Living a Little While in Southeast Asia-May 30-June 17, 2014

“What was the best and what was the worst about my recent trip with a mission team to Southeast Asia?” That’s what most want to know. Most want me to recap 18 days in two minutes or less. That is a real laugh because I could go on for hours. . .the trip was indescribable. The best was definitely the incredible opportunity to travel and share God where so many have never heard. The sights–masses of people in the cities traveling on foot, motor scooters, and very few in automobiles; rice fields green on the contoured mountainsides; lush, green almost tropical forest and flowers; women in tribal garb selling wares on streets; and nary a church anywhere. The worst was to see myriads of people just like you and me living so mercilessly poor. When you look about your abode, whatever it is, be very thankful. What if your bed, if you had one, consisted of boards of hard bamboo? What if your only furniture was a somewhat crude, handmade table in the middle of the room plus two or three bright colored plastic chairs? Perhaps you might have a large, framed picture of your wedding and a few bits of colorful, shiny Christmas wrap to decorate your walls. What if your cooking needed to be done in a clay pot over an open flame? What if you might or might not have running water? What if light from electricity at your home hung as a single bulb in the center of your main room? You likely might have a 1950’s TV somewhere in the room and a cell phone that would call the distance to the next village. You might have a bony, white cow tied out front which you washed daily; a cow at your home cherished like a car in your driveway. You might have a motor scooter, but certainly not any kind of automobile. Space between houses is nonexistent. Sometimes tin, plywood, or cloth provide a bit of privacy for your family. You have no need for hot water nor blanket–temperatures hover near one hundred degrees and weather stays incredibly steamy. Live close to a river? Build your ‘house’ on stilts to withstand flooding. You got it! You are experiencing village living at its best in Southeast Asia.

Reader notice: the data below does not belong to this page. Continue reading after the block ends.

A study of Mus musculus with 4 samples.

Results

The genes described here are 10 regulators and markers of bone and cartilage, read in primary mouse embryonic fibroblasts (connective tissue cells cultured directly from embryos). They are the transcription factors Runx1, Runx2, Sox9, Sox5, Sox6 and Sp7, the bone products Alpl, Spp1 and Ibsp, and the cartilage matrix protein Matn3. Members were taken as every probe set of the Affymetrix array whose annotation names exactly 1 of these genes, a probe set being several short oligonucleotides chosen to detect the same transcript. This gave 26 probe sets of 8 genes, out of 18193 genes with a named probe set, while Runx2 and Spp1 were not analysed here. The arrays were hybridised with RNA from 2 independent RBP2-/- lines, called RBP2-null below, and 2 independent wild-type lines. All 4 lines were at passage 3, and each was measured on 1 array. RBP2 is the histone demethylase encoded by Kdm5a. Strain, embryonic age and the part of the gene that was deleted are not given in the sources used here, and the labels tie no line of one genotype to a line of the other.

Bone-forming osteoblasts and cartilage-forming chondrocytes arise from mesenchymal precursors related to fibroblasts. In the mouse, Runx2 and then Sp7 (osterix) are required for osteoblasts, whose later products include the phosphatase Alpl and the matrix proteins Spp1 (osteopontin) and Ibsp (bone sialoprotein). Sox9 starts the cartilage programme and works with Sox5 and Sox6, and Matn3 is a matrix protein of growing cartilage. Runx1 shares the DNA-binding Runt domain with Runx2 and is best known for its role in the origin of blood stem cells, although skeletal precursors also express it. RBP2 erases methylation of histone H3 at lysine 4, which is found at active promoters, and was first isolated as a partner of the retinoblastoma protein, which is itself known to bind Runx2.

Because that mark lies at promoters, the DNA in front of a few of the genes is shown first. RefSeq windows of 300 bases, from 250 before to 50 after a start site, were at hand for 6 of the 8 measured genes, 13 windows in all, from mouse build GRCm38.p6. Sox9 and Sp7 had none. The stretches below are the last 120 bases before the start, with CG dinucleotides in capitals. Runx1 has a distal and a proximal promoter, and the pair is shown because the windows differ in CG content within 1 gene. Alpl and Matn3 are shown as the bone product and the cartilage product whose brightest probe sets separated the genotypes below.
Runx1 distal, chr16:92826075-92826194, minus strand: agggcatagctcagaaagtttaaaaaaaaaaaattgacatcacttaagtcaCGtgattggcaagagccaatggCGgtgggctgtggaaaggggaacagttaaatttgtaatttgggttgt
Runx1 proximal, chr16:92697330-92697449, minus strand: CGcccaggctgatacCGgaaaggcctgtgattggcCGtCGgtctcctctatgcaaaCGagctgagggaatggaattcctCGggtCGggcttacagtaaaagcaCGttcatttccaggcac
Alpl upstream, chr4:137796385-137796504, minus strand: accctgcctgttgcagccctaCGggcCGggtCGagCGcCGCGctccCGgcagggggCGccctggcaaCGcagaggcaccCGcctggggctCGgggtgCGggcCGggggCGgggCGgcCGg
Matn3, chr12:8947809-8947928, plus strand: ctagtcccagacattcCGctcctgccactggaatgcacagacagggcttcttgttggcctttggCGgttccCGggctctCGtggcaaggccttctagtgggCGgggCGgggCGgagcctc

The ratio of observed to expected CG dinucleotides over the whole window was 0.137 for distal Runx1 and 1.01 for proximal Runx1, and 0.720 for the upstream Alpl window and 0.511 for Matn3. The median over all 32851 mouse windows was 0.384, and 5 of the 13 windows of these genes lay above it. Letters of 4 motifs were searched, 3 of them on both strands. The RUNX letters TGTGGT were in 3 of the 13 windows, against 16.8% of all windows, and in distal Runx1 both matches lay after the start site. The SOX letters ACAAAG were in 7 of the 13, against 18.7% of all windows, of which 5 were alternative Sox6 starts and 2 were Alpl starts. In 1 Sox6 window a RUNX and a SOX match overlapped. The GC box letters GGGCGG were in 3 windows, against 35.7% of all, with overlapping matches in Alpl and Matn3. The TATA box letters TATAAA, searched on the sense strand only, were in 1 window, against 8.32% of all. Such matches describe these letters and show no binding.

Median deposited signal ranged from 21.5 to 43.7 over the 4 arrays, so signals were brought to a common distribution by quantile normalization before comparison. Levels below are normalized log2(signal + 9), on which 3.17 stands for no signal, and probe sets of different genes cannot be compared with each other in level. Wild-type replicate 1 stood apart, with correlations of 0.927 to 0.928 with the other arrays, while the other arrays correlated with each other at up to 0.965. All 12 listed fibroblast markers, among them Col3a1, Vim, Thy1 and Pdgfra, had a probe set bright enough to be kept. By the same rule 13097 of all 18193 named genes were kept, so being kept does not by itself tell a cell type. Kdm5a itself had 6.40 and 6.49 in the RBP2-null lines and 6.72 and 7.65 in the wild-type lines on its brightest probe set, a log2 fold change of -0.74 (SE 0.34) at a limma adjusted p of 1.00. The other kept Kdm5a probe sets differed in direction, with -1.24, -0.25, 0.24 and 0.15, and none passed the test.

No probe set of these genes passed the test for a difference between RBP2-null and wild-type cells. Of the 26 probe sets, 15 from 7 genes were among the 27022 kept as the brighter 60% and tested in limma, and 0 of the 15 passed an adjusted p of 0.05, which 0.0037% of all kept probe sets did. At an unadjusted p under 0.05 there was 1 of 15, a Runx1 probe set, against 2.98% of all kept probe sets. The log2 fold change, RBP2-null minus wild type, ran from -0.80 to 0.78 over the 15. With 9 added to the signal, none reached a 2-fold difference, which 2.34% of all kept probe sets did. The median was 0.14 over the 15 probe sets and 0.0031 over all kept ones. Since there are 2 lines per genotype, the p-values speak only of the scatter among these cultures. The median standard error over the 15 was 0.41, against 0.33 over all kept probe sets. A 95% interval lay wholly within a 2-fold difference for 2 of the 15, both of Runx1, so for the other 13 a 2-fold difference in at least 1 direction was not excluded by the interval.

People we met were receptive to hearing about the one true God. We had the benefit of missionaries and interpreters to share the message. Medical care plus instruction for healthy lifestyles, and activities for children filled our eight member team’s days as we traveled hours into the mountains and remote villages by rivers. A few homes had Bibles in their tribal language–while most depend on stories which are told; many have never heard anything of God’s love from anyone.
Here in the USA, we have a church on every corner and so many don’t attend; they meet quietly behind shuttered windows and locked gates with seven or eight other believers. And so it goes. . .so much need–not recognized by smiling faces of those who have never traveled beyond their neighborhood.